MAG CEO: Government inaction is hurting airports like Manchester
- Chief Executive of Manchester Airport’s parent company calls for an end to “sluggish, illogical and chaotic” approach to quarantine
- Passenger numbers this Bank Holiday weekend expected to be less than a quarter of volumes seen last year
- “Catalonia is closer to Cheshire than it is to Gran Canaria.” Charlie Cornish repeats calls for regional approach to travel restrictions ahead of Cabinet meeting expected this week
This time last year, airports across the UK were gearing up for what is usually one of their busiest days of the year.
At Manchester, 12 months ago we headed into the weekend by recording not just the busiest day of the year, but the busiest in the airport’s 82-year history, as more than 115,000 people flew to or from one of our 210 destinations. A year on, we will be lucky to welcome 25,000 travellers.
The impact of Covid-19 – and quarantine restrictions - on the travel industry is clear for all to see.
It is evident in the tens of thousands of job losses that have already been announced and the millions of holidays already cancelled.
If reports are to be believed, our government was due to debate taking a more realistic and passenger-friendly approach to quarantine decisions on Monday at its Covid Committee. But this meeting didn’t happen, and we hear it’s now due to happen today. It’s not the first time a critical decision in this area has been put off, with no credible explanation for the delay.
Indeed throughout the pandemic, there has been no evidence of any recognition from the government of the need to protect the travel industry and enable it to recover from what is undoubtedly the biggest crisis it has ever faced.
This is an industry that collectively supports around 2m jobs, with MAG alone making an economic contribution of £8.2bn to the UK each year.
We see no signs that it wants to avoid further jobs losses, or an appreciation of the critical role airports will have in the economic revival of regions across the country as we gingerly emerge from this crippling pandemic.
This in stark contrast to the approach we have seen taken by numerous governments around the world, whose decisive action to protect their aviation sectors makes clear how much value they attach to them.
From the very start of this pandemic, we have appealed for a support package for airports. But our request for business rates relief was ignored, despite lockdown.
By contrast, Germany has secured EU State Aid approval, in order to compensate airports for lost revenue and protect their futures.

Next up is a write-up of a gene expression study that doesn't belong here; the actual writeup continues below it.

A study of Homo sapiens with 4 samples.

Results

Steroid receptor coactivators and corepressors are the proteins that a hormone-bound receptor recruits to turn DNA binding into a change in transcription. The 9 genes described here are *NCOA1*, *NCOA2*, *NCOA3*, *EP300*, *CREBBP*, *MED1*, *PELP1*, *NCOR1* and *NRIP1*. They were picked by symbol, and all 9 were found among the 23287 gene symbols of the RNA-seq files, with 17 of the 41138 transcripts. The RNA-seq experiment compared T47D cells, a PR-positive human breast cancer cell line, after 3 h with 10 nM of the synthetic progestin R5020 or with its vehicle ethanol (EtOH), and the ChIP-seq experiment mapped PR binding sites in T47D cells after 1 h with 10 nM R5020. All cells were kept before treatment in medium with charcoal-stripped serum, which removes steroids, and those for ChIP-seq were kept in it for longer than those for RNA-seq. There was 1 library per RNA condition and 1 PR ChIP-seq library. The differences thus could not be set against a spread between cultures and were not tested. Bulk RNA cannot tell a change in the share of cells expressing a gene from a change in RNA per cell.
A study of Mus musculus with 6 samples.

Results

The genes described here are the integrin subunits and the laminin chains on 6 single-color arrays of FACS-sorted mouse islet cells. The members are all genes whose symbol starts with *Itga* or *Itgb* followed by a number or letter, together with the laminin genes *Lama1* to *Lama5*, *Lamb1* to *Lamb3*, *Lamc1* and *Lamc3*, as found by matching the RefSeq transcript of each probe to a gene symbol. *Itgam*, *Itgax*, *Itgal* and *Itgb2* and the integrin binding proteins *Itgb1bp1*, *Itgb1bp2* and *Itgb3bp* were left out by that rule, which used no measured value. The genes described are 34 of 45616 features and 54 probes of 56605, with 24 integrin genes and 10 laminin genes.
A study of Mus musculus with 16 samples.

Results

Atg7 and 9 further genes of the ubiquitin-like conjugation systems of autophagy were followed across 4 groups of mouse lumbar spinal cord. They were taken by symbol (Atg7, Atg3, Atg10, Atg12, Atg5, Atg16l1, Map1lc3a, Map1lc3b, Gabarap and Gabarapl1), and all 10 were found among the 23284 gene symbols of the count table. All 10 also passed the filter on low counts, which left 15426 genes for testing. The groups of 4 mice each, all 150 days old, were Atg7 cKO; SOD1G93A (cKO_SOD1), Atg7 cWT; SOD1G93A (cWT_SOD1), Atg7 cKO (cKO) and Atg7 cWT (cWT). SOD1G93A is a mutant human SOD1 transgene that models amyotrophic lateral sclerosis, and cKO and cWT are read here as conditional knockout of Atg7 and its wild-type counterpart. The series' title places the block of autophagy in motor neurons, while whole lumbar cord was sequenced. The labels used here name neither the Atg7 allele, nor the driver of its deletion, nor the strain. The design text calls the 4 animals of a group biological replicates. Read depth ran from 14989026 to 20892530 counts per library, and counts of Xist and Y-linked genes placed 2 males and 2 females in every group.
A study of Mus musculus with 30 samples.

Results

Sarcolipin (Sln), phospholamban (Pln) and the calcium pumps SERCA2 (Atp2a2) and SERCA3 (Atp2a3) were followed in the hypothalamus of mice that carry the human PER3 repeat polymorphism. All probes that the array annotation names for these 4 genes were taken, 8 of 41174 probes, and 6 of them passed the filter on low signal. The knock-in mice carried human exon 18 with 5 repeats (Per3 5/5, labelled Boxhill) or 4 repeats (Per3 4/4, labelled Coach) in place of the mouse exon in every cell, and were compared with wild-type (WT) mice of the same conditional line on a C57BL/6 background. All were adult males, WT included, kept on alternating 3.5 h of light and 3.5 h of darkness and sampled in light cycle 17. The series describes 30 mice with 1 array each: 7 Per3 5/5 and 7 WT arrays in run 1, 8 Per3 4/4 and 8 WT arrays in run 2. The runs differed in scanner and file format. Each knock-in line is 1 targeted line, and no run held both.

The failure to recognise the need for direct financial support was disappointing to say the least, but perhaps not surprising when you consider our government already places its airports at a competitive disadvantage by levying some of the highest passenger taxes in the world.
But the impact of this decision has been amplified many times over by its sluggish, chaotic and illogical approach to travel restrictions, an area where we have watched other nations move quickly and decisively while our government has remained in its own decision-making lockdown.
Having initially imposed blanket quarantine rules on all destinations, we eventually saw “travel corridors” agreed with our most important tourism markets, following a period of stubborn procrastination, which is yet another example of this Cabinet’s inability to rise above division, put their heads down and agree a common-sense answer.
But a few short weeks after the key Spanish travel corridor was established, it was effectively closed-off again, due to soaring infection rates in the northern regions of Catalonia, Aragon and Navarre.
For those planning a trip, there was a glimmer of hope that the Balearic and Canary Islands, both with significantly lower infection rates than these regions (and significantly lower than the UK for that matter), could remain restriction-free. Each year, more than three million people pas through Manchester Airport on their way to or from these islands alone.
But that prospect was whipped away quicker than a poolside towel left unattended for too long, as Foreign and Commonwealth Advice was aligned with the blanket quarantine rule without clear evidence and announced via media with hours to go before being implemented.
Catalonia is closer to Cheshire than it is to Gran Canaria, making this blanket approach not only unnecessary and illogical, but hugely damaging to an already-ailing sector.
It seems there is an acceptance within the Department for Transport and by the Transport Secretary himself that a regionalised approach is needed, but we find ourselves months down the line and no progress has been made. With another key meeting cancelled this week, Cabinet cracks cannot seemingly be papered over, even when it comes to protecting an industry as critical as ours.
Meanwhile, we have watched the penny drop with other major nations, such as Germany, which has moved quickly to enable travel to popular resorts in the likes of Spain, while adopting a localised, targeted approach to quarantine that the UK has so far refused to consider.
It is further ahead of us on testing too. As things stand, around 50% of the most popular markets with British tourists have effectively been closed-off.
Some will point to positive news about Portugal becoming restriction-free again, but with so little of our summer remaining, so many popular destinations needlessly closed-off, so many jobs at risk and so little confidence our Prime Minister understands this urgency, you can understand why our industry feels left behind.